HSBC launches global AI lab in Toronto

The bank's new lab will employ 50 staff and help analyze 'largest collection of client data it has ever compiled.'
HSBC_Yorkville_Branch

HSBC is looking to make Toronto a major part of its global AI work, with the bank announcing the opening of a Global Data & Innovation Lab in the city on Thursday.

Focused on creating an AI ecosytem that develops advanced machine learning techniques, the bank said the lab’s work will involve the largest collection of corporate and institutional client data it has ever compiled, including 47,000 tables of information from all 67 countries where HSBC operates. It will process 10 petabytes (or 10,000 terabytes) of data from 1.6 million clients.

The goal is to employ 50 staff at the lab, including AI professionals, technologists, co-op students and interns. It will also bring external partners into the lab, looking to leverage the numerous fintech and AI companies based in Toronto and across Canada. James Bickerton, global head of operational strategy at HSBC Global Banking and Markets, said the lab will be built around “co-development” of solutions, sharing its intellectual property to create a collaborative atmosphere, instead of a competitive one.

HSBC has also opened a similar Global Data & Innovation Lab in London, U.K., and aims to employ an additional 100 staff there.

Artificial intelligence has become a major focus of investment for banks in recent years – both in Canada and globally – as they look to organize and analyze the wealth of market and client data under their ownership to better anticipate market changes, predict client behaviour and develop consumer-facing tools that serve their financial needs. Much of that investment has been through a mix of working with Canada’s AI and fintech companies, but also through launching their own labs and research centres: last year, TD acquired AI startup Layer 6, while RBC spent 2018 growing its Borealis AI research lab and expanding it into new cities. At this week’s Collision conference in Toronto, Michael Rhodes, group head of innovation, technology and shared services for TD, cited a collaborative approach to working with startups as being key to accelerating the implementation of AI solutions.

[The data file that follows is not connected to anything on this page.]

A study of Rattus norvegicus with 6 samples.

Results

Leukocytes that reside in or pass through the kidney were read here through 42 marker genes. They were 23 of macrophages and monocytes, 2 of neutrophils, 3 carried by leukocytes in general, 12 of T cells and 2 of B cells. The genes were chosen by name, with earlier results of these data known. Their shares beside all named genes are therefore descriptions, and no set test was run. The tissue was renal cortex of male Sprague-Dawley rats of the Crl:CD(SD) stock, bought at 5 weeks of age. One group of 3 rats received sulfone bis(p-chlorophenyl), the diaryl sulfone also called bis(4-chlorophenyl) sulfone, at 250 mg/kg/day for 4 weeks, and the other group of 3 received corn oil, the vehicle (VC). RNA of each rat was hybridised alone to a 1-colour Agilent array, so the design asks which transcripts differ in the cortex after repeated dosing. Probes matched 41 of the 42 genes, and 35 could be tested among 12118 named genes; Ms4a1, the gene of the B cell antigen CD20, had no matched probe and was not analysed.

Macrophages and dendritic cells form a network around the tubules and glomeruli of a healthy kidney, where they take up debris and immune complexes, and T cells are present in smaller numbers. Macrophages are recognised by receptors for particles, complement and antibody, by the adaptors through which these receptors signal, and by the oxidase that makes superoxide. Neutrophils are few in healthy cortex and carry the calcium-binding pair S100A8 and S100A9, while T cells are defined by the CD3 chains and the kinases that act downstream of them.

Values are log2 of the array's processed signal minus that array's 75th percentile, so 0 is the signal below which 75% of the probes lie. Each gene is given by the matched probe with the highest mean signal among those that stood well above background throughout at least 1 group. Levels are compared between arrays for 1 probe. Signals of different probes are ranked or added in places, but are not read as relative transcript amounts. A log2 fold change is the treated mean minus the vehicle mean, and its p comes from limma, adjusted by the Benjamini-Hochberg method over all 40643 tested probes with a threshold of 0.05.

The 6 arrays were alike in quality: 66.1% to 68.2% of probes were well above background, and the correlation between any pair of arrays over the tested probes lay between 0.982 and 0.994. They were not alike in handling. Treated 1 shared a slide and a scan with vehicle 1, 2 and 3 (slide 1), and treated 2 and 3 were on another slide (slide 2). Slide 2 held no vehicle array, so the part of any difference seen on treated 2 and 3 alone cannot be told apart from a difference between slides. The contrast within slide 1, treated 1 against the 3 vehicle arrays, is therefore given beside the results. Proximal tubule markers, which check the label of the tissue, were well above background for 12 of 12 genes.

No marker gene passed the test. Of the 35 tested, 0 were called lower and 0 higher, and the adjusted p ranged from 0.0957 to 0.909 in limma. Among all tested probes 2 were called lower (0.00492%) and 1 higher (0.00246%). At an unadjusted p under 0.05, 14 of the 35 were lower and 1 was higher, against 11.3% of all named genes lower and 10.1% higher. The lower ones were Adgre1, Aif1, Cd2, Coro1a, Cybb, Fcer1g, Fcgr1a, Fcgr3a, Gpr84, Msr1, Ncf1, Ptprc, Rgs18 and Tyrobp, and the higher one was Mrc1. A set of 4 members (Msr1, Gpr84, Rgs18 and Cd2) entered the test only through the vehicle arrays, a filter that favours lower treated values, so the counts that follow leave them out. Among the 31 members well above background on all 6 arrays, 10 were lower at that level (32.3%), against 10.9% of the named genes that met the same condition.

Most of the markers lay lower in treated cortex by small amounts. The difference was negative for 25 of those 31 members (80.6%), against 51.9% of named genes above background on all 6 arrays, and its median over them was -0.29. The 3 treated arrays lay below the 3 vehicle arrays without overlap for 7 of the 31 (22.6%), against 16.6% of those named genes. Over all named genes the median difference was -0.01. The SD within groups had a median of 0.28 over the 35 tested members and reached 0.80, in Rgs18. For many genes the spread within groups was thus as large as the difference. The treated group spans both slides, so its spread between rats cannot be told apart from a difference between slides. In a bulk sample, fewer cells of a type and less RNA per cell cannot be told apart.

“The Lab will give us the ability to aggregate a wide variety of datasets to truly understand, on a global basis, what corporate clients are doing, what their consumption patterns are, and what the trade flow looks like across all the jurisdictions where we operate,” said Chuck Teixeira, chief administrative officer and head of transformation at HSBC Global Banking and Markets. “We will not only be anticipating what a customer’s needs are, but also actually behaviouralising and then adding it to the historical consumption patterns to do predictive analytics around that customer.”